Any IT person can tell you that talking shop with a non-IT person is frustrating. People working at all levels of information technology speak a unique language that people outside either do not understand or only have a little understanding. People working in IT usually keep this language barrier in mind when speaking with people outside the department.
Despite this knowledge at the lower ranks, IT executives still have an expectation that their functional peers will learn, understand, and speak the language of IT. That expectation is unrealistic and can open up the company to unnecessary risks and costs.
An Example of the Disconnect
A business executive brings a vendor in to give a presentation about a technology that could benefit this executive’s department. That executive does not bring anyone from IT into the discussion. The vendor talks up all the benefits of the technology. The executive is impressed and makes the deal.
That executive does not know the “rest of the story” because that executive does not speak the language of IT.
- The vendor did not discuss how the new technology would integrate into the company’s infrastructure.
- The vendor did not tell the executive that it would take a year or two to fully move the company from its current state to the point of using this technology fully and that the move would cost hundreds of thousands of dollars.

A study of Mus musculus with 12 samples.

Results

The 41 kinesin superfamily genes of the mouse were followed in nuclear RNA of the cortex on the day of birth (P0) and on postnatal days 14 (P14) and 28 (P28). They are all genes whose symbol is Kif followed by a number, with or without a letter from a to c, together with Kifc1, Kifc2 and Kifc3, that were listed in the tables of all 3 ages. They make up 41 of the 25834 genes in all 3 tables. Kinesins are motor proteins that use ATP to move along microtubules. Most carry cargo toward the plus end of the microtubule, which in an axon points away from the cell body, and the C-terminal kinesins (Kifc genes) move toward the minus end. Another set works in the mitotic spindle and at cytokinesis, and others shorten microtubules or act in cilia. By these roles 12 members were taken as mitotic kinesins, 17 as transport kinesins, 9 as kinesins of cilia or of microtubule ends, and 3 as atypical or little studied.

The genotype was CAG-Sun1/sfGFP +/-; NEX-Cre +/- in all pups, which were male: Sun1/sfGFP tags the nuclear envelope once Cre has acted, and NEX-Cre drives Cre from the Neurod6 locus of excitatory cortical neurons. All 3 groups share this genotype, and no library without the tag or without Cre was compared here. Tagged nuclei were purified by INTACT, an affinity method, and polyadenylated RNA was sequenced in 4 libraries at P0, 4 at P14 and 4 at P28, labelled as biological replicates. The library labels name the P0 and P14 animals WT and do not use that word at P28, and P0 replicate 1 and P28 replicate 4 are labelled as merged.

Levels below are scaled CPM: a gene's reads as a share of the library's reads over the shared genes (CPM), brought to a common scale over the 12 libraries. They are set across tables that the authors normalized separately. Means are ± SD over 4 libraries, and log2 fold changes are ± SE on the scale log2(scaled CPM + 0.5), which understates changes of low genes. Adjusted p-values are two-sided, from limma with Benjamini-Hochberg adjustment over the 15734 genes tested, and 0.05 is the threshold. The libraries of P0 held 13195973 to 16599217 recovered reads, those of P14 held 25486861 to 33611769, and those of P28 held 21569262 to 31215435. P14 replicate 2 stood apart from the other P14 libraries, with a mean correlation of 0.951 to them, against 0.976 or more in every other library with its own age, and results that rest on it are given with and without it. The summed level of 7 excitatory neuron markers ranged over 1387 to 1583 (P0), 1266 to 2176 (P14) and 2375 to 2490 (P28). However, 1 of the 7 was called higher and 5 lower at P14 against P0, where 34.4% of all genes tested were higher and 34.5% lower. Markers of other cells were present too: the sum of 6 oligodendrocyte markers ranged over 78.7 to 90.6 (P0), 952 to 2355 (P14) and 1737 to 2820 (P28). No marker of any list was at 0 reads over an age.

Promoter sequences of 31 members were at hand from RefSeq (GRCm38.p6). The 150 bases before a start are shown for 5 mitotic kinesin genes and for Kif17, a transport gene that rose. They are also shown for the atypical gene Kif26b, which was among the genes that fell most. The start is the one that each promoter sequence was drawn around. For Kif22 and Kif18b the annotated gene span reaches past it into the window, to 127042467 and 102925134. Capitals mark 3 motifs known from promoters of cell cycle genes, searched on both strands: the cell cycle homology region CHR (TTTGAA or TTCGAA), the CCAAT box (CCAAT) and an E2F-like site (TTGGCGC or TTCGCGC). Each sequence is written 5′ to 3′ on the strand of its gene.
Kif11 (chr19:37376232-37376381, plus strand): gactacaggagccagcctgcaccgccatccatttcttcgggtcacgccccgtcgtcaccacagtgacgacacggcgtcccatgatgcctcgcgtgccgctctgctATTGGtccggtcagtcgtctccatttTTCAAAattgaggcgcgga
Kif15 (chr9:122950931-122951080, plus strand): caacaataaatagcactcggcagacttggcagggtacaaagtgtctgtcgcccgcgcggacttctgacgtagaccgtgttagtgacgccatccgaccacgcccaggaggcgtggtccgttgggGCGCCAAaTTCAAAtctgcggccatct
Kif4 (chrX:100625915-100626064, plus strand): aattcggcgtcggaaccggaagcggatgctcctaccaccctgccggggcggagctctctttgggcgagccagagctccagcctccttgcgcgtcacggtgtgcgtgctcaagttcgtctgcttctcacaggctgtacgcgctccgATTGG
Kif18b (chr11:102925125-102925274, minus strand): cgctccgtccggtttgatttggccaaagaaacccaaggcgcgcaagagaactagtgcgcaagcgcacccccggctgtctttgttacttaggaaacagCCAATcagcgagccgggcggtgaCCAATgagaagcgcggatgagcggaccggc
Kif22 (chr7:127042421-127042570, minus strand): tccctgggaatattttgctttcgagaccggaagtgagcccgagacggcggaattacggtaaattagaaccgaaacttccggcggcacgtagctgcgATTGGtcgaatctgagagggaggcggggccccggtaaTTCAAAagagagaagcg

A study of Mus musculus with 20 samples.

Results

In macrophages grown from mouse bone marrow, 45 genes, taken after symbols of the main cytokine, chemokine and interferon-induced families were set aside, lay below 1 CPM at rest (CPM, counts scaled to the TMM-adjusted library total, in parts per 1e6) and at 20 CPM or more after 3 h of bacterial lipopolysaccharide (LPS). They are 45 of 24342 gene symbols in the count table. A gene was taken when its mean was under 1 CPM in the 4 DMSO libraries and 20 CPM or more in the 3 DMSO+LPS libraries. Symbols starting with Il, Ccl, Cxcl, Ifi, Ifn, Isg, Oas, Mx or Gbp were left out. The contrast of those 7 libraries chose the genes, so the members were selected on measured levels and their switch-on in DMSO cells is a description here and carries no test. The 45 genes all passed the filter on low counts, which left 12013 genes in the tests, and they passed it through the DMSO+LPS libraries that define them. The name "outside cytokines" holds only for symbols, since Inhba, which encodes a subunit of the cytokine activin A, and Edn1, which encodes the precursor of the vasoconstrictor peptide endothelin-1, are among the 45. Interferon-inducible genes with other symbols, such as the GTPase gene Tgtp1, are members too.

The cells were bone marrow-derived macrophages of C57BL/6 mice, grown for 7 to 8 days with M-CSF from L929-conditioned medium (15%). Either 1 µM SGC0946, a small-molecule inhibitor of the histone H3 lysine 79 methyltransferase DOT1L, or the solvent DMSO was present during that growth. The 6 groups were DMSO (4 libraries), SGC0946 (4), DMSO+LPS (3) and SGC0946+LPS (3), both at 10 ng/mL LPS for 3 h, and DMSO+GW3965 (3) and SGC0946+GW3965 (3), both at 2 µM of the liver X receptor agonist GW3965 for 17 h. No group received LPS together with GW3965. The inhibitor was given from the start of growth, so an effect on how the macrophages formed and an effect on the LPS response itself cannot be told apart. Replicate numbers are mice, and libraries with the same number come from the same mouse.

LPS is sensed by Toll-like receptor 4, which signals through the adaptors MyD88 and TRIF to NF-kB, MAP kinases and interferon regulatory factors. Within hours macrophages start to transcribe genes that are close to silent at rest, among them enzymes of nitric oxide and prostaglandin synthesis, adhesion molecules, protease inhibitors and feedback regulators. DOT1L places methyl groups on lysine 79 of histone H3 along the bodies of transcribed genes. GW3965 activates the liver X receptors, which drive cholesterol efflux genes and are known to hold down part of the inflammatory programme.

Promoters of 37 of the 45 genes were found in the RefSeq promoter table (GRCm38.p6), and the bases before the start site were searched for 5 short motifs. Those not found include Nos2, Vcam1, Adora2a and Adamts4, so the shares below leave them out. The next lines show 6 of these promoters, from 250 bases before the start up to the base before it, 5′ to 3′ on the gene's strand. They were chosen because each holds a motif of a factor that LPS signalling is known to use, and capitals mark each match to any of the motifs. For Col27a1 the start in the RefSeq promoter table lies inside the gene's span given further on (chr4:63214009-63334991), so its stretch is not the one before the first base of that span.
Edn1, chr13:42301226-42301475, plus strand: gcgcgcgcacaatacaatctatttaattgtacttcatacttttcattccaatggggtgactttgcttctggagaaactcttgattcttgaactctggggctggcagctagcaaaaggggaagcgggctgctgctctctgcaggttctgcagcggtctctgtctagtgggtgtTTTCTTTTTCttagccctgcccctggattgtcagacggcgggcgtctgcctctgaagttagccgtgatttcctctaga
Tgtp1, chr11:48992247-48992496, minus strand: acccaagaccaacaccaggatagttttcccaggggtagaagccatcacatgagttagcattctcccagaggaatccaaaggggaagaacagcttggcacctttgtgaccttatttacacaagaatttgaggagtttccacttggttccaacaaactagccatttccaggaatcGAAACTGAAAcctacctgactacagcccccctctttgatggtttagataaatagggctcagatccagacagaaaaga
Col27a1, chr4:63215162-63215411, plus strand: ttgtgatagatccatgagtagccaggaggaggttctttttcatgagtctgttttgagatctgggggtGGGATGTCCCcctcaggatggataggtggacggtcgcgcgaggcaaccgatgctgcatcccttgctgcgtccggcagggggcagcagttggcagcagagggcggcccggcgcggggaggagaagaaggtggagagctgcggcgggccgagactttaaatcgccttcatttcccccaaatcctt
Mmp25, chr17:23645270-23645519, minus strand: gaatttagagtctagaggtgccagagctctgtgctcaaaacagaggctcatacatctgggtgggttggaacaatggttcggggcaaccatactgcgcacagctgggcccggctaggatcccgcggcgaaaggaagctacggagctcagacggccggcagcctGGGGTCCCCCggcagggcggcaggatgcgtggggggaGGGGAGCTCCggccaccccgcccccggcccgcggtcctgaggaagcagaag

- The vendor did not discuss the manpower required for maintaining and upgrading this technology in the future.
What Needs to Happen?
IT leaders need to learn the common language of business: finance.
IT executives need to speak in terms that other functional peers understand. They need to lead conversations about bringing in new technologies. They need to educate their peers on the financial consequences of bringing in technology without knowing the “rest of the story.” They need to partner with the finance department about managing IT investment throughout the company.
For well over half a century, IT leaders have been expecting their peers to learn the language of IT. That is a mistake that IT executives need rectify in today’s fast-paced technology driven business world. These executives need to learn to speak the language of business and to take control of the discussions surrounding technology within their companies.